In honor of National Employee Health Month, Avago is holding a 5K next Wednesday. I signed up and yesterday as I was picking up my bib, I noticed little red packages of something called FRS on the counter. I asked about it, and the wellness center director said that she was sent the sample packets as a member of a professional network but wasn’t familiar with the product herself. I took one, because the subtitle was “Healthy Energy” and the package said it was a dietary supplement.
Being the sometimes “detail-oriented” person that I am, I went over the claims it made, the ingredient list, and was sceptical. The first ingredient is sugar, and it contains caffeine. Both of those could provide energy some coffee with the same amount sugar could too. Not impressed. The claim the packaging makes is the following:
“FRS is fueled by a patented formula containing quercetin, a powerful antioxidant found in fruits and vegetables that helps unlock your body’s natural energy. With all that you are juggling between family, friends and trying to find a little more time for yourself – couldn’t you use more energy? Feel the difference.”
Now, to me, words like “powerful” and “natural energy” scream “MARKETING WROTE THIS!”. That may or may not matter – but in this case, those words are relevant to whether this stuff is worth buying. And the blurb isn’t exactly explicit about how this is meant to work. So, I went to the website and found the following list of claims backed up by scientific papers:
As well as the statement “Quercetin works by naturally triggering the body’s ability to produce more real energy.”
I am going to dig up those papers and read them to see how well this pans out. The reason I want to read the papers, not just the abstracts that FRS provides, is that I know from experience that sometimes there’s something in the paper that is crucial to what YOU want to know (in this case – if I take this stuff, will I run faster and/or have more energy throughout the day?) that wasn’t in the abstract.
The FRS website also mentions that two PhDs at Harvard formulated this stuff. It’s obviously supposed to make me go, “Wow! Two PhDs! They are so much smarter than me, this stuff must be AWESOME!” Did I mention Lance Armstrong is doing their marketing? Same effect. (Reality check: all this research is new – in the past five years or so. Armstrong was winning Tour de Frances without it.)
Well, when you have a PhD yourself, and hence know a lot of other people that have PhDs, it’s just not that convincing that something MUST be good if someone with a PhD did it. Boy, do I wish that was true! People with PhDs are just that: people. The only thing it’s fair to assume of someone with a PhD is that they know how to do research in their field. Mine is in engineering – don’t ask me about anthropology research. I am as unqualified as you likely are to comment on that. But even with that said, the people part of being people with PhDs matters. When you’re turning up results a company that’s paying for your research (i. e. salary) won’t like, it’s stressful. You don’t want to tell the hand that feeds you that “Sorry, this is just not going to work/your product doesn’t do anything/bad news in general.” That’s probably why it’s been shown that there is a link between “good” findings and funding from whoever wants the “good” news. We also sometimes get hung up on liking a particular idea even when it’s just not true. You get attached to your research. You like your research, that’s why you do it. It’s your baby. It’s hard to accept that it’s wrong. I know from experience. It doesn’t help that usually, you’ve come out in public with your idea and tried to back it up with evidence by the time you find out you’re wrong. Nothing like putting yourself out there and trying to convince people you’re right and then realize you were just… wrong. Oops. Also, nothing really stops us from taking money to say a product is great any more than being an MD ensures you would never appear on a commercial in support of a bad product. Just something to keep in mind.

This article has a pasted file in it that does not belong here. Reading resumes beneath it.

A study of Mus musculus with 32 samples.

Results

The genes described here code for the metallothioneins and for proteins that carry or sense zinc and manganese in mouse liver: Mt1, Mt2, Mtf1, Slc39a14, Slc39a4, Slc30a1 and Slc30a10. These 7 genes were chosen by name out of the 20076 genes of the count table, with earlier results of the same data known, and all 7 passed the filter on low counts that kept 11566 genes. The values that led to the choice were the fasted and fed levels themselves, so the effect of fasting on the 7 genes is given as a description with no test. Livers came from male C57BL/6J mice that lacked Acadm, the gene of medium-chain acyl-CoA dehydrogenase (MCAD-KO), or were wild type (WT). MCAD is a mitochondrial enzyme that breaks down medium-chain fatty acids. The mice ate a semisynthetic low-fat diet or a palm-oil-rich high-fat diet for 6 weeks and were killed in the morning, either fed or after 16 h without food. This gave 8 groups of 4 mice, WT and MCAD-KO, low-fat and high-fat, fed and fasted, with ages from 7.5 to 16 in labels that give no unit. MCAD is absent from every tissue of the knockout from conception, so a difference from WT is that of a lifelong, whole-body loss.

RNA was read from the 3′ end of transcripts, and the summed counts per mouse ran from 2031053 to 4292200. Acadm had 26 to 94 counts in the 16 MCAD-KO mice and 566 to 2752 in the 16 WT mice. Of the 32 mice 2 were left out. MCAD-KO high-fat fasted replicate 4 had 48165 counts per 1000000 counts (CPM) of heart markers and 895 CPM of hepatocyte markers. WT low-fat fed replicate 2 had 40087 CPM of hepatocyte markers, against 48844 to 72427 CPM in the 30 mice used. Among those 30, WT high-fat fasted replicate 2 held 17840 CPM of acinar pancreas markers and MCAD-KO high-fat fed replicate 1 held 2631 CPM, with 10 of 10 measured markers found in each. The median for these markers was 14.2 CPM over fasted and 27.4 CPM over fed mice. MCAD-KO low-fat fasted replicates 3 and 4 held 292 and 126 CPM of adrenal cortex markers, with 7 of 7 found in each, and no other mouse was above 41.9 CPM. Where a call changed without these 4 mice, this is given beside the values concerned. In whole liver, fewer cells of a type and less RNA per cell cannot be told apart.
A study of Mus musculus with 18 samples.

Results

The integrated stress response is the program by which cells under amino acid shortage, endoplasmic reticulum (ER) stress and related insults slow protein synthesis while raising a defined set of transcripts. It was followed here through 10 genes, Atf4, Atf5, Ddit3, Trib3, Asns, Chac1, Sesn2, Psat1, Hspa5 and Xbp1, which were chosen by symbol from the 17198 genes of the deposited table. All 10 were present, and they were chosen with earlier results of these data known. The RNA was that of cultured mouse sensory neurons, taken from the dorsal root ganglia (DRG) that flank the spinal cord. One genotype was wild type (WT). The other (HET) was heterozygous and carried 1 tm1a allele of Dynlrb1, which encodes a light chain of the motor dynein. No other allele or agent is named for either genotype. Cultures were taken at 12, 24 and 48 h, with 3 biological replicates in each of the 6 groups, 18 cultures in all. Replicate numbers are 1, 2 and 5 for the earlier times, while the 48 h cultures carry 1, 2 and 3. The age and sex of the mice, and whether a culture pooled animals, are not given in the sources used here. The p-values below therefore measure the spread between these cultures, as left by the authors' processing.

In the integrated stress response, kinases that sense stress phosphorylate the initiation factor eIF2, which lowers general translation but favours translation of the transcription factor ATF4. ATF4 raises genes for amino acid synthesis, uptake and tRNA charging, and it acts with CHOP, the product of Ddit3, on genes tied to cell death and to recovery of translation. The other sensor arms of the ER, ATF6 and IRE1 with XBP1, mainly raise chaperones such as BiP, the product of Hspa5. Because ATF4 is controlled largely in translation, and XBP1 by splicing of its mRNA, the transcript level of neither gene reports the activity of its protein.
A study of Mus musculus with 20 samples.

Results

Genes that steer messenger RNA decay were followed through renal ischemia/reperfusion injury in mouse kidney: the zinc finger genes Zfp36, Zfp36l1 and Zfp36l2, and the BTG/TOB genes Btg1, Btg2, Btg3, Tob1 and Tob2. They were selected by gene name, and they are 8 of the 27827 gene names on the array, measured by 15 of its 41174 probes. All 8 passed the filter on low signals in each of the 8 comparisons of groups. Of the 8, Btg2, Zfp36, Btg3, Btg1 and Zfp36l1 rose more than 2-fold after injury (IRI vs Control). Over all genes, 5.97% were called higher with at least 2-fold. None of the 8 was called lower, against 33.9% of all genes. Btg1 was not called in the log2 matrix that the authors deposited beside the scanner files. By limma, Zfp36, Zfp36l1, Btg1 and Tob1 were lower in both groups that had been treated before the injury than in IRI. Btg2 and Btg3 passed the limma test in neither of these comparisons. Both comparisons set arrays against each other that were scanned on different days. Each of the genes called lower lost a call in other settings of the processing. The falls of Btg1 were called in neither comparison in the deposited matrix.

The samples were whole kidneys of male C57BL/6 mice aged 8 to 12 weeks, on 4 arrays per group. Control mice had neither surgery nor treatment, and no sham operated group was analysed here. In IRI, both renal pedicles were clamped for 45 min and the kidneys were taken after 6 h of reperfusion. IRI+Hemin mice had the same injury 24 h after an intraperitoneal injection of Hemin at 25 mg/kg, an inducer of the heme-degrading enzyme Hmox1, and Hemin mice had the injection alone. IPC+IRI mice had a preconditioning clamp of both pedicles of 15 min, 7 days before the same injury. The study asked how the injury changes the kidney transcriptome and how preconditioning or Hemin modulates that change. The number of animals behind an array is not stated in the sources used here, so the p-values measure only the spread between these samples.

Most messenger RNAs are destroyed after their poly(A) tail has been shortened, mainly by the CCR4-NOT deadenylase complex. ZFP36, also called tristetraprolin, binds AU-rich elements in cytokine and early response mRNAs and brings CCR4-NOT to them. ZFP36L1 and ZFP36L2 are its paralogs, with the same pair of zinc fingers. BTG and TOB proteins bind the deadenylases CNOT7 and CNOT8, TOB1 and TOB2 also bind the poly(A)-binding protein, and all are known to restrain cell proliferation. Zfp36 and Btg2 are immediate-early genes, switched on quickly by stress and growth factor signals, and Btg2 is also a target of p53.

That’s why new research topics are always a little uncertain. There hasn’t been enough research – and enough researchers checking other people’s work – to solidly say “this is how it works, guys” the way you can with something that’s been researched for the last 20, 50, or 200 years. (Pretty sure we won’t discover Newton was wrong on the macro scale.) So before I take a few paper abstracts as proof of that FRS would improve my personal athletic performance and give me access to energy I wouldn’t have otherwise, without it, I’m going to get dirty with reading the papers to see how conclusive the evidence really is and whether it applies to me. (Even though I’m not technically qualified in this field, I do know how you write an introduction to the paper – you find a problem in someone else’s work yours addresses. So, the introduction sections will tell me what someone in that field might critique about a previous paper.) As I read them, I’ll make a post on each one.